No sooner did use my thumbnail to scrape a dribble of turkey gravy off my sweater, than — WHOMP! — the Christmas hoopla hit me like a freight train.

On Thanksgiving Day, it was perfectly acceptable, nay encouraged, to laze around all day in a tryptophan-induced haze, gorging myself on the day’s feast while watching football and glancing noncommittally at a puzzle. But then, less than 12 hours later, a starter pistol was fired, officially signaling the 2018 Holiday Rat Race.

Quite suddenly, and beyond my will, I am expected to run around with a purpose, when all I want to do is nibble leftover pie and play Banangrams with our kids.

This frenzy begins earlier every year, with “Black Friday” now so diluted with early shopping deals, it has become “Grey November.” Nowadays, Christmas commercials, moving window displays, and pyramids of fruitcakes and candy canes show up right after Halloween. The turkey carcass hasn’t even been tossed before elves appear on shelves, bell ringers with red kettles show up at storefronts, and Bing Crosby croons Mele Kalikimaka.

Thanksgiving, an event commemorating the blessings of harvest and fellowship is overlooked, lost in the cranberry sauce, squished into one lousy day. (Well, less than a day if you planned to make the Doorbuster Deal at Macy’s.) The prim Pilgrims and drab turkeys don’t stand a chance against the glitter, glam and consumerism of the Christmas season.

Must we accept this new normal? Did our culture shift? Is it beyond our control?

Can’t we delay the frenzy for a day or two? Why are we in such a rush to hit malls and department stores, which have become Caligula-era Coliseums where otherwise mild-mannered citizens use shopping carts like crashing chariots in an epic battle to get that last Fitbit Alta?

Why don’t we savor a few more days before the annual hemorrhage of our wallets, when we fall prey to pressures to buy a gift for every Tom, Dick, Harry and school janitor? Why not delay the inevitable guilt that comes when we buy something for ourselves when we were supposed to be shopping for Aunt Gertrude?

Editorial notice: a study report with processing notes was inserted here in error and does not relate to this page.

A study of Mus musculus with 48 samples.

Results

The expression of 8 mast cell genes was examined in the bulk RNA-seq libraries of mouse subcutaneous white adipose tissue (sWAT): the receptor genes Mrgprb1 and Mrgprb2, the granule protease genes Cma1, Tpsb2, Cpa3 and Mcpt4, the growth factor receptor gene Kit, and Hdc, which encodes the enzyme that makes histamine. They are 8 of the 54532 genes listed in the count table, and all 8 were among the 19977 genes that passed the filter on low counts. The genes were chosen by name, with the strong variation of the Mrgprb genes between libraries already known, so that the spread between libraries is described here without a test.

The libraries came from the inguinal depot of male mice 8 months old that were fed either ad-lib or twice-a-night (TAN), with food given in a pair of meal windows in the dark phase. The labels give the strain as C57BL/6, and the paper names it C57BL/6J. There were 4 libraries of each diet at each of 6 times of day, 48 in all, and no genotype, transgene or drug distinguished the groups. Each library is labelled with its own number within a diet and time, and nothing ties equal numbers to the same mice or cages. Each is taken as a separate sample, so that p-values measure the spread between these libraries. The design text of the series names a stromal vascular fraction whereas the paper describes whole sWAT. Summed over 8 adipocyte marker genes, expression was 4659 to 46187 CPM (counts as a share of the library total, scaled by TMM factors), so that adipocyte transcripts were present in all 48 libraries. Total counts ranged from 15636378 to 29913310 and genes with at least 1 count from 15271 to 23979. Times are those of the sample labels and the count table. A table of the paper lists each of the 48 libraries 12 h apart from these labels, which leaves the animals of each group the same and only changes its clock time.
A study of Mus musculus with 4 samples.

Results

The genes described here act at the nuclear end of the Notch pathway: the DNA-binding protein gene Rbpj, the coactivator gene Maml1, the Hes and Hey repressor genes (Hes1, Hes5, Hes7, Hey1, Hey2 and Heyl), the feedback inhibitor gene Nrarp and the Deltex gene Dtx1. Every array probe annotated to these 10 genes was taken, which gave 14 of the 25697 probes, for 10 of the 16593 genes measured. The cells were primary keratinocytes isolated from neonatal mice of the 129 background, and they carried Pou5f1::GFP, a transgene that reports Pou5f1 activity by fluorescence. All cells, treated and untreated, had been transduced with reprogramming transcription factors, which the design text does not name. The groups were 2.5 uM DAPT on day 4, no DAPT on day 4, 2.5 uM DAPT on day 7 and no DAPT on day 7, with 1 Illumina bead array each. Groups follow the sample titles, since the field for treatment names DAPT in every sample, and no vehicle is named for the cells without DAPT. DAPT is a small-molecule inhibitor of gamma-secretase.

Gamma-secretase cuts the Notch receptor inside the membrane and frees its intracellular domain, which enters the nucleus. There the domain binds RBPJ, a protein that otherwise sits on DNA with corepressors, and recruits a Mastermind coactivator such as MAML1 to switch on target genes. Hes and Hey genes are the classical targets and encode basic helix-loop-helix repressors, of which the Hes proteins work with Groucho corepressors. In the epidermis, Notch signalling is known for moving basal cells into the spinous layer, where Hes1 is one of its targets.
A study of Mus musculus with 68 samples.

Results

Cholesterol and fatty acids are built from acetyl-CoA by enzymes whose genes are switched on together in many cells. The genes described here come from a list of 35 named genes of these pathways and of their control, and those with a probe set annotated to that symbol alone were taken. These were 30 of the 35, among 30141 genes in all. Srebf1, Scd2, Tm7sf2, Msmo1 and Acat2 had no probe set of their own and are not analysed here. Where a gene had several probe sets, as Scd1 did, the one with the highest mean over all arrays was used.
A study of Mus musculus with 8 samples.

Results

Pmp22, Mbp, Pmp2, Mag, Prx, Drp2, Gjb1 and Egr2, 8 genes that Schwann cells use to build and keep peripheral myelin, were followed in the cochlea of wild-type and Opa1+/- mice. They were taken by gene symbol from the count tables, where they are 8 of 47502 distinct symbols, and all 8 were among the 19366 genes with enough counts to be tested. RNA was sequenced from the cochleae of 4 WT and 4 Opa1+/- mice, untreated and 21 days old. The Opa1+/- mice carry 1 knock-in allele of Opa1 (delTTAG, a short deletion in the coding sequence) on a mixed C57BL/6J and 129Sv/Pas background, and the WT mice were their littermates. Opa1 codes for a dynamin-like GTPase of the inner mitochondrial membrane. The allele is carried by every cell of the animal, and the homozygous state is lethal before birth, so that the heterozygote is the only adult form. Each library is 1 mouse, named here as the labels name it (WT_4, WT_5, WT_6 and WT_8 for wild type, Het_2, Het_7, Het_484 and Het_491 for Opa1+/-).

Can’t we all agree to wait a bit longer, before our neighbors attempt to turn the street into the Las Vegas Strip by wrapping their houses in more twinkle lights than the Andromeda Galaxy, lining their sidewalks with plastic candy canes, and adorning their front yards with giant blow up snow globes?

Shouldn’t we rest up before throngs of kids we don’t recognize, but who claim to be from our neighborhoods, and who won’t take “no” for an answer, show up on our doorsteps asking us to buy rolls of wrapping paper, tubs of cookie dough, tins of caramel corn, cans of ham, jars of scented candles, kitchen gadgets, poinsettias and wreaths?

Soon, our mailboxes will be stuffed with piles of holiday cards containing three-page update letters chronicling every significant and insignificant event in the lives of people – and pets -- we haven’t seen in years. We will soon have to juggle multiple invites to family holiday parties, school holiday parties, work holiday parties, neighborhood holiday parties, cookie exchanges, secret Santa gift exchanges, elementary school holiday choral concerts, high school holiday drama productions, and middle school holiday band concerts (ear plugs not included). So why not relax and enjoy the weekend?

Shouldn’t we nibble turkey leftovers for two more days, before our bodies begin their slow transformation from reasonably unhealthy to alarming levels of egg-nog-triggered-cholesterol and Christmas-cookie-induced diabetes? Personally, I’d like to put off the rapid expansion of my thighs for as long as possible, for fear that they will cause so much friction I’ll spontaneously combust if I walk too fast in my favorite corduroys.

Can’t we all just agree to savor Thanksgiving for two more days, for the love of Santa!?

With such a short time left before the chaos begins, let’s use this time to preemptively rest, relax, and brace for the inevitable holiday onslaught we all know is just around the corner.

Take heed, take stock, take two days. And don’t call anyone in the morning.